RANGOON — The World Bank has added its voice to concerns about Burma’s surging inflation, saying price rises prompted by a growing economy would likely have a greater impact on the country’s less well-off.
Kanthan Shankar, the World Bank’s Burma country manager based in Rangoon, told The Irrawaddy on Thursday that “certainly it [inflation] is a concern and especially if it is to do with food prices, it tends to affect the poorest.”
The International Monetary Fund (IMF), a sister organization to the World Bank, said earlier this week that while Burma’s economy would likely grow between 7-8 percent over the coming three years, the current 6 percent inflation rate would likely persist.
“If you have high growth you have to be concerned that you don’t have high inflation, which disproportionately affects the poor,” Shankar said, explaining that high inflation could hinder Burma’s majority from benefitting from the country’s expected robust growth rates in years to come, an expansion that could see the country’s economy quadruple is size by 2030, according to a 2013 report by McKinsey Global.
A projected increase in budget spending and a drop in the value of the kyat, which was floated in 2012, are other factors likely to fuel inflation
Burma’s transitional economy—coming out of years of sanctions and often quixotic government policy—means that some typical methods used to curb inflation, such as tax increases, might either be difficult to implement or lack the impact that similar measures might have when implemented in more developed economies.
“Tax revenue is growing quickly but remains low; to enable increased spending it should be boosted though broadening the tax base and improving compliance,” the IMF said in its Jan. 21 statement on Burma’s economy.
Tinkering with interest rates, which in Burma have been higher than in neighboring countries in recent years, is another gambit typically attempted by governments seeking to tackle inflation.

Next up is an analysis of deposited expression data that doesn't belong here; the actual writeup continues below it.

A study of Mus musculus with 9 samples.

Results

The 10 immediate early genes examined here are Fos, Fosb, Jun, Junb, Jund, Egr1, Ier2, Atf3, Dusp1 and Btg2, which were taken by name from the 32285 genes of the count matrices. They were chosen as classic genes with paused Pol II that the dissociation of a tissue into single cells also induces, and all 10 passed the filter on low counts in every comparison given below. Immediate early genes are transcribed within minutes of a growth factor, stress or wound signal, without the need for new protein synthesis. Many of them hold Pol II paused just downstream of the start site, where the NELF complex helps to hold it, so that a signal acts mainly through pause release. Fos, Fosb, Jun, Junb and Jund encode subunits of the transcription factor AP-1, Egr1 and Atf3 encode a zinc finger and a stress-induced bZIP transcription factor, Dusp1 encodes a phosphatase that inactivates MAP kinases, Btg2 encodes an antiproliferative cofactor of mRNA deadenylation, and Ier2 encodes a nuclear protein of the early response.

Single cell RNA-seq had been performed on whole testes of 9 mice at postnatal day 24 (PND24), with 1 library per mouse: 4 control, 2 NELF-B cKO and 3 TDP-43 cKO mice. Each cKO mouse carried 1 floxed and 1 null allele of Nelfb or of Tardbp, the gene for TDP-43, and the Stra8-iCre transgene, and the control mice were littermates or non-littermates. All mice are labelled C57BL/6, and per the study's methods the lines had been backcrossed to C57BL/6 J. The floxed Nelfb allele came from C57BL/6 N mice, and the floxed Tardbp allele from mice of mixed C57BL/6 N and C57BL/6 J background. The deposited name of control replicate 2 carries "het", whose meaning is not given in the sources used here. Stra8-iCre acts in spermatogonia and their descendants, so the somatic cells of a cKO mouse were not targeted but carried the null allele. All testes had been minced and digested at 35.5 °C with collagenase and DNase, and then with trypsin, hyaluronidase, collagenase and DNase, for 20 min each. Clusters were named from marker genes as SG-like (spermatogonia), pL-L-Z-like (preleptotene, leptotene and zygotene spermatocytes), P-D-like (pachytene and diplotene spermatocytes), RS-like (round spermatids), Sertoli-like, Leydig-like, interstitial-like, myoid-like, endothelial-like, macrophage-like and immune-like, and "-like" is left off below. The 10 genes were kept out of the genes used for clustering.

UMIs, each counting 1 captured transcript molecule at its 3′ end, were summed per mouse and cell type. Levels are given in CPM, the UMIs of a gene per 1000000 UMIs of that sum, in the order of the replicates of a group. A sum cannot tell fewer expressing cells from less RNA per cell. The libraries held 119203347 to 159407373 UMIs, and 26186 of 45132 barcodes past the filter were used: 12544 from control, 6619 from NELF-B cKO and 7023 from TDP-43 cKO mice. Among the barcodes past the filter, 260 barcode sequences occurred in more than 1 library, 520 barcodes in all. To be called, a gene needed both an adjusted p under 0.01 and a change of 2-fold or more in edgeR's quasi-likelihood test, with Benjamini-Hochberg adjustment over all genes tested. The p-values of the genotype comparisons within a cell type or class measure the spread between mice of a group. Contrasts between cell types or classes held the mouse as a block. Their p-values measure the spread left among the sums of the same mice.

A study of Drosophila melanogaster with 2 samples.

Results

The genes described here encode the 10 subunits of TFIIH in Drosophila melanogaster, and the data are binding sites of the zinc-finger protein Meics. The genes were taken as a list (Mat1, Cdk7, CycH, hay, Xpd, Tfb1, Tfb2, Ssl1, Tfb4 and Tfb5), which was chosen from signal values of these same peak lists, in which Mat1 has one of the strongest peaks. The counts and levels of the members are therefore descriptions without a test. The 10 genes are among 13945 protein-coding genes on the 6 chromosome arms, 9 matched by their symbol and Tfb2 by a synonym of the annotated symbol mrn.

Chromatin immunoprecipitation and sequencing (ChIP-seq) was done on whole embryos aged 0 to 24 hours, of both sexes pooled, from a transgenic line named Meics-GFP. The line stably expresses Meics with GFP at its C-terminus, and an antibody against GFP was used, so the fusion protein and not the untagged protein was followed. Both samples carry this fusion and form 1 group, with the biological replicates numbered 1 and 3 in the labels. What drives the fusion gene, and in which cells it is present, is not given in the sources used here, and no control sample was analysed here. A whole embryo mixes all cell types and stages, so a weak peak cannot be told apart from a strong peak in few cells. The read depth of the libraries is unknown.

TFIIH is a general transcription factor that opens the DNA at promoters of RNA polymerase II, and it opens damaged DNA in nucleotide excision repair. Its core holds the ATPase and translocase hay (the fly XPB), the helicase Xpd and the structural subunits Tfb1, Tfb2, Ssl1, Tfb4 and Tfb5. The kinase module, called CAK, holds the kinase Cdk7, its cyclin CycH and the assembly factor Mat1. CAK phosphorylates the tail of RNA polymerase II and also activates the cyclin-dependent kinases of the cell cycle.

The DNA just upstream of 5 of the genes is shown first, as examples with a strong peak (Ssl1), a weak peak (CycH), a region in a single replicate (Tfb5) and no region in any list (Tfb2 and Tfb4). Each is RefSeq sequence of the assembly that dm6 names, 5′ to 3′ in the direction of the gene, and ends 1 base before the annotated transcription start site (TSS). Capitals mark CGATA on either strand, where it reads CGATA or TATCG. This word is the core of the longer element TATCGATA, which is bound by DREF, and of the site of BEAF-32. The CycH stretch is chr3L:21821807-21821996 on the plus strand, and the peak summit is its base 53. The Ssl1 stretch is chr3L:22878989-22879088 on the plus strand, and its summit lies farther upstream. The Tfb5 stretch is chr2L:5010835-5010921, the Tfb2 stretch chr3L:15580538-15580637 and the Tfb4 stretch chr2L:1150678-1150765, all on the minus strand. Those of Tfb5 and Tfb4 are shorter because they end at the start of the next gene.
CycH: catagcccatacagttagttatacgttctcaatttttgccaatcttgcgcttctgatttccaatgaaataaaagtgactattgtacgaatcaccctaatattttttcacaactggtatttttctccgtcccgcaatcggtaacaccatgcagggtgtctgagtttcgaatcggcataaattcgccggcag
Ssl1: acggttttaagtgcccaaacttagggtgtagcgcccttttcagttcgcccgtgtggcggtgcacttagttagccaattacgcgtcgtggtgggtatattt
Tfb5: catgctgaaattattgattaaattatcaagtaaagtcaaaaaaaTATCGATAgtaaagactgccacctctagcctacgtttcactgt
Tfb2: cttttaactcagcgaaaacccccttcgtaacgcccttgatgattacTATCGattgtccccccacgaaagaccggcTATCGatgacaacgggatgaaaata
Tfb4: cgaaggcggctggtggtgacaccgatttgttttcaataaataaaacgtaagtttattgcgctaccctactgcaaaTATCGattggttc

However attempts to change interest rates in Burma often prompt divisions among businesspeople and bankers, and Than Lwin, deputy chairman of Kanbawza Bank, said that because Burma’s current interest rate of 8 percent is above the inflation level of 6 percent, there is no need for now for an adjustment.
“Because the interest rate is above inflation, there is no need for a change right now to the interest rate,” he told The Irrawaddy, while also voicing concerns that if the interest rate is cut to below the inflation level, it could prompt savers to withdraw cash from local banks and deposit overseas.
Either way, inflation is set to remain a problem for the majority of Burma’s estimated 50-60 million population, as well as posing a challenge for the Burma government, which said it would prioritize job-creating investment and policies to benefit the country’s poor, such as increasing health and education spending.
In early January, Burma President Thein Sein sought increased spending for education and health care, increasing their respective budget shares from 5.43 percent to 5.92 percent, and 3.15 percent to 3.38 percent, both still much less than the 12 percent of budget spending sought by the military.
But even increased spending on social sectors such as health and education, ostensibly benefitting Burma’s less well-off, could fuel inflation, which disproportionately impacts the poor.
“Rather than a few people being able to benefit, the benefits [of growth] need to be spread more to the population at large,” Shankar said.
The World Bank representative was speaking at the launch of Channel News Asia’s Burma bureau, the Singapore-based agency’s 13th overseas office. CNA is the 10th international news agency to set up shop in Burma, where it has a partnership with SkyNet, a private Burmese TV company. CNA estimates its current audience in Burma at around 200,000 households, out of a total 50 million across the region.